20 Sep 2019
Japanese whisky: the myth and the magic

Drinks writer Leah van Deventer chats to three whisky experts to unveil the mystery surrounding this rare and sought-out category of the water of life.

Japanese whisky is somewhat of the Holy Grail among fans of the category. But why? What makes the golden liquid hailing from this mystical land so special, and consequently, so pricey? And indeed, how does it differ to Scotch? 

To understand, we need to cast our minds back to when kimonos and calligraphy were big in Japan, instead of Pokémon and Sony.

See, with one fell swoop of a razor-sharp katana, Japan cut itself off from the rest of the world in the 1630s in an attempt to remain unsullied by Western culture. Two centuries later, trade was forcibly restablished when Commodore Perry sumo wrestled his way in.

The Japanese reluctantly became enamoured with the once-forbidden firewater of the American gaijin, and in 1918, a saké family sent one of their own to the Land of Lochs to study the art of this dark magic.

‘The entire modern Japanese whisky industry is truly the attempt by a single man to recreate a little slice of Scotland back in Japan,’ says Adrian Burger, founder and president of the Cape Whisky Club, South Africa’s largest union dedicated to usquebaugh.

The man he’s referring to is Masataka Taketsuru, the hero of this story, who apprenticed at Longmorn Distillery in Speyside.

Masataka Taketsuru and his Scottish bride, Rita.

Armed with newfound knowledge, our brave whisky samurai returned to Japan in 1920. He teamed up with winemaker Shinjiro Torii, and in 1923 oversaw the establishment of Japan’s first whisky distillery: Yamazaki, located in the misty foothills of Mount Tenno – long lauded for the soft waters of its rivers.

The two, however, couldn’t agree on the fine-tuning. Taketsuru wanted to stay true to the Scottish style, while Torii was keen to tweak it for the Japanese palate.

In 1934, they said sayonara; Taketsuru established Yoichi Distillery in a seaside location further to the north – where both the climate and the landscape were more similar to Scotland – and started producing Nikka whisky.

Yamazaki in in the south and Yoichi in the north.

To this day, the houses of Nikka and Suntory (the group that evolved out of Yamazaki) have a rivalry that burns stronger than a galley at Up Helly Aa. 

However, it’s not as clean cut as believing one is more Scotch-like than the other, since both essentially follow Scottish methods of production, and the climatic differences are minimal.

‘They absolutely nailed it, to the point where most people wouldn’t be able to taste the difference between two stylistically similar expressions from Scotland and Japan,’ affirms Burger. 

Hector Mcbeth, whisky show host, radio presenter and importer, agrees, adding that while production does differ, it’s minor:

‘The one thing that stands out the most is yeast. Filtration through bamboo charcoal also takes place [and] the use of mizunara oak gives Japan a rather unique flavour profile [but while it’s] marketed quite heavily, it makes up less than 1% of casks used in Japan,’ he expands.

‘On average, the summers are warmer in Japan than in Scotland, accelerating maturation somewhat … although the effect isn’t nearly as pronounced as in say, India or South Africa,’ adds Burger.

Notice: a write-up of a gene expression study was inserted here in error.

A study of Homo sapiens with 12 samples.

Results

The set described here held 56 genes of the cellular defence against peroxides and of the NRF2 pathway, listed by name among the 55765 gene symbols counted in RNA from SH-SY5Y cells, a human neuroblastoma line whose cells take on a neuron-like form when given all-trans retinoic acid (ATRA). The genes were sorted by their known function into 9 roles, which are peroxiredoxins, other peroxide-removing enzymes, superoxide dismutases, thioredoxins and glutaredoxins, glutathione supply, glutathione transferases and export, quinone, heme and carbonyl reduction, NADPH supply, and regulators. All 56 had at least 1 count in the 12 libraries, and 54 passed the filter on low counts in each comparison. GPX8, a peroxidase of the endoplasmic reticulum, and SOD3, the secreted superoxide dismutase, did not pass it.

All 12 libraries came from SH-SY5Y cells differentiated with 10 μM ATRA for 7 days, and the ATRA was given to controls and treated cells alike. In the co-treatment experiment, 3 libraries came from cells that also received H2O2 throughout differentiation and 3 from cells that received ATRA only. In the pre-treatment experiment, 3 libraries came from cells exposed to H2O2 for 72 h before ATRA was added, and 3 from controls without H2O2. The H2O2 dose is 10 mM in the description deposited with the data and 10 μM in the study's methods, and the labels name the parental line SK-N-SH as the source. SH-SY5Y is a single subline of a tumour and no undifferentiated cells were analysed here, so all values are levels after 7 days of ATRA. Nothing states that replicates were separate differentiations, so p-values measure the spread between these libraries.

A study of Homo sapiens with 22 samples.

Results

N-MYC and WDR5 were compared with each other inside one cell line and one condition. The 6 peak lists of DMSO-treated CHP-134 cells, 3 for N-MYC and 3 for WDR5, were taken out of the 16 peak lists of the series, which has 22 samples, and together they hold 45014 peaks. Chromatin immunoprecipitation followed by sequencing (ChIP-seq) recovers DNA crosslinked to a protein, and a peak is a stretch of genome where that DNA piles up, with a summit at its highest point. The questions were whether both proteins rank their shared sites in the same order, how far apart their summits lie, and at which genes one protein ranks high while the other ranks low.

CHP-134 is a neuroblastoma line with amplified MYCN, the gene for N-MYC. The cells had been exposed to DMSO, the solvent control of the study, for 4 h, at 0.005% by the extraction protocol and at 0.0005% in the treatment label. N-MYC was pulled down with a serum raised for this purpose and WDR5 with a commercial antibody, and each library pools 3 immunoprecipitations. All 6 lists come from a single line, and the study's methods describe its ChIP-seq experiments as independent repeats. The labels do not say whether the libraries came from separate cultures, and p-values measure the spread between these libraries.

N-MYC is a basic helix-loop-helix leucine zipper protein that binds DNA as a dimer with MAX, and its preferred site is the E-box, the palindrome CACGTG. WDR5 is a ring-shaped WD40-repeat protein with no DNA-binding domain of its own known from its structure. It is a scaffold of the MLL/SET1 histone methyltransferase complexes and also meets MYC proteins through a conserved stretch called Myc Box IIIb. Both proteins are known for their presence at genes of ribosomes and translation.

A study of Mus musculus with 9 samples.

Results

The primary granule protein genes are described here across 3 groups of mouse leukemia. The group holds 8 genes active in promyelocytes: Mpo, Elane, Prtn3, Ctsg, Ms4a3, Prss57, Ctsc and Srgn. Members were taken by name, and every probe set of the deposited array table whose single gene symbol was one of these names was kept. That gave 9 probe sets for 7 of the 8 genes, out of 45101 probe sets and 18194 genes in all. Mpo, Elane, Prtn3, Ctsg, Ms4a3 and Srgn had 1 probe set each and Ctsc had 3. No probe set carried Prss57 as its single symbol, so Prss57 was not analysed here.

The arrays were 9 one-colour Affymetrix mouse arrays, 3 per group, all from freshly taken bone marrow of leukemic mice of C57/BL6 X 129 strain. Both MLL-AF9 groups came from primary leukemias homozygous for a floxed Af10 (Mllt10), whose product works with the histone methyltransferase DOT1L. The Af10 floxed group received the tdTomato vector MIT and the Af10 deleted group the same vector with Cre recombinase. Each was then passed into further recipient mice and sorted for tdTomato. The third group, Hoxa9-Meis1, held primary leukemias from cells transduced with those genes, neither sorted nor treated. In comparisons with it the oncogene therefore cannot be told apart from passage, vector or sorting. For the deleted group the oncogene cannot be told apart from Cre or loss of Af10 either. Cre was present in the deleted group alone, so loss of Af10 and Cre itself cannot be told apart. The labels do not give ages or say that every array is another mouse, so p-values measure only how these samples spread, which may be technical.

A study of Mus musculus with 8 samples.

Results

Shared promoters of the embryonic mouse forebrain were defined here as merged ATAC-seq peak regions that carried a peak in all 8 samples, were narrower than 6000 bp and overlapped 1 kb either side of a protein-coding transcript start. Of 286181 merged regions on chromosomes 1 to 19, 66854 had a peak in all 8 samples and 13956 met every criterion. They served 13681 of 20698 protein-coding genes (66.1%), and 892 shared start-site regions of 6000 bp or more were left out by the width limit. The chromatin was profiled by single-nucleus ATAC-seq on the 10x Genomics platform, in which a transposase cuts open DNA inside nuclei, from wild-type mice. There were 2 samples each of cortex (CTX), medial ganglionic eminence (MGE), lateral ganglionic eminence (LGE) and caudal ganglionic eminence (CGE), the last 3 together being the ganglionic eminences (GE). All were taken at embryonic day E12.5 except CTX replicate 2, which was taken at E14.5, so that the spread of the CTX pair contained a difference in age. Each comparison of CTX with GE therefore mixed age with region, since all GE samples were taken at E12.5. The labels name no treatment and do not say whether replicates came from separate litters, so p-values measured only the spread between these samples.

So why the fuss about whisky from the Land of the Rising Sun? 

Well, it’s all about supply and demand, as although local distilleries popped up like shitake in the 1950s, they’re currently few and far between.

‘After the Second World War, Japan was occupied by the Americans … import and export were impossible. Whisky took off [but] unfortunately many of the great producers had to close after the markets crashed in the 80s.

‘When whisky started its next growth in the Noughties, Japan was in a good position to export. As whisky exploded globally, more and more attention was placed on these whiskies. [Their] scarcity – especially from closed distilleries – started to gain momentum; the Japanese, however, didn’t want to repeat the failures of the 80s, and remained conservative in production,’ explains McBeth.

And of course, the quality is impressive.

Craig Doré, Chairman of the South African chapter of the Keepers of the Quaich, the exclusive international Scotch whisky society, attributes this to practice. ‘Over the last 20+ years, they’ve worked on the craft of whisky making. Japanese companies also bought into Scotch whisky companies to help them learn,’ he says.

‘Japanese malt whisky has the one-two punch of being exceptional quality while increasingly rare. The rarity has given it a huge cult following, and a certain luxury status as prices have increased,’ asserts Burger. ‘While the actual flavour may not differ too much, the romance of its origins gives it a special something that seems to have captured the imaginations of aficionados.’

© Mark Lehmkuhler

So which are worth trying, without having to sell a kidney?

Doré offers some solid advice: ‘It’s legal to import bulk whisky into Japan, bottle it in Japan and sell it in the international market as ‘Japanese whisky’ at ridiculous prices. As a consumer and lover of spirits and whisky, I’m a fan of Japanese whisky, but exclusively Japanese whisky made in Japan.’

So skip the tipsy, late-night impulse purchase, and do your homework to ensure you’re getting the real deal … or stick with the great shoguns of Nikka and Suntory.

‘The Yoichi 10, 12 and 15 are single malts worth discovering, while the Taketsuru range are without a doubt the best made blended malts in the world, and offer the purest spirit I’ve ever tasted,’ says McBeth.

The once humble Yamazaki 12 is still far from the most expensive aged Japanese single malt … but it remains utterly fantastic, rivalling some of its older comrades,’ recommends Burger.

And with that, I bid you arigato, and slàinte mhath.

This post first appeared on Food24 on 20 September 2019.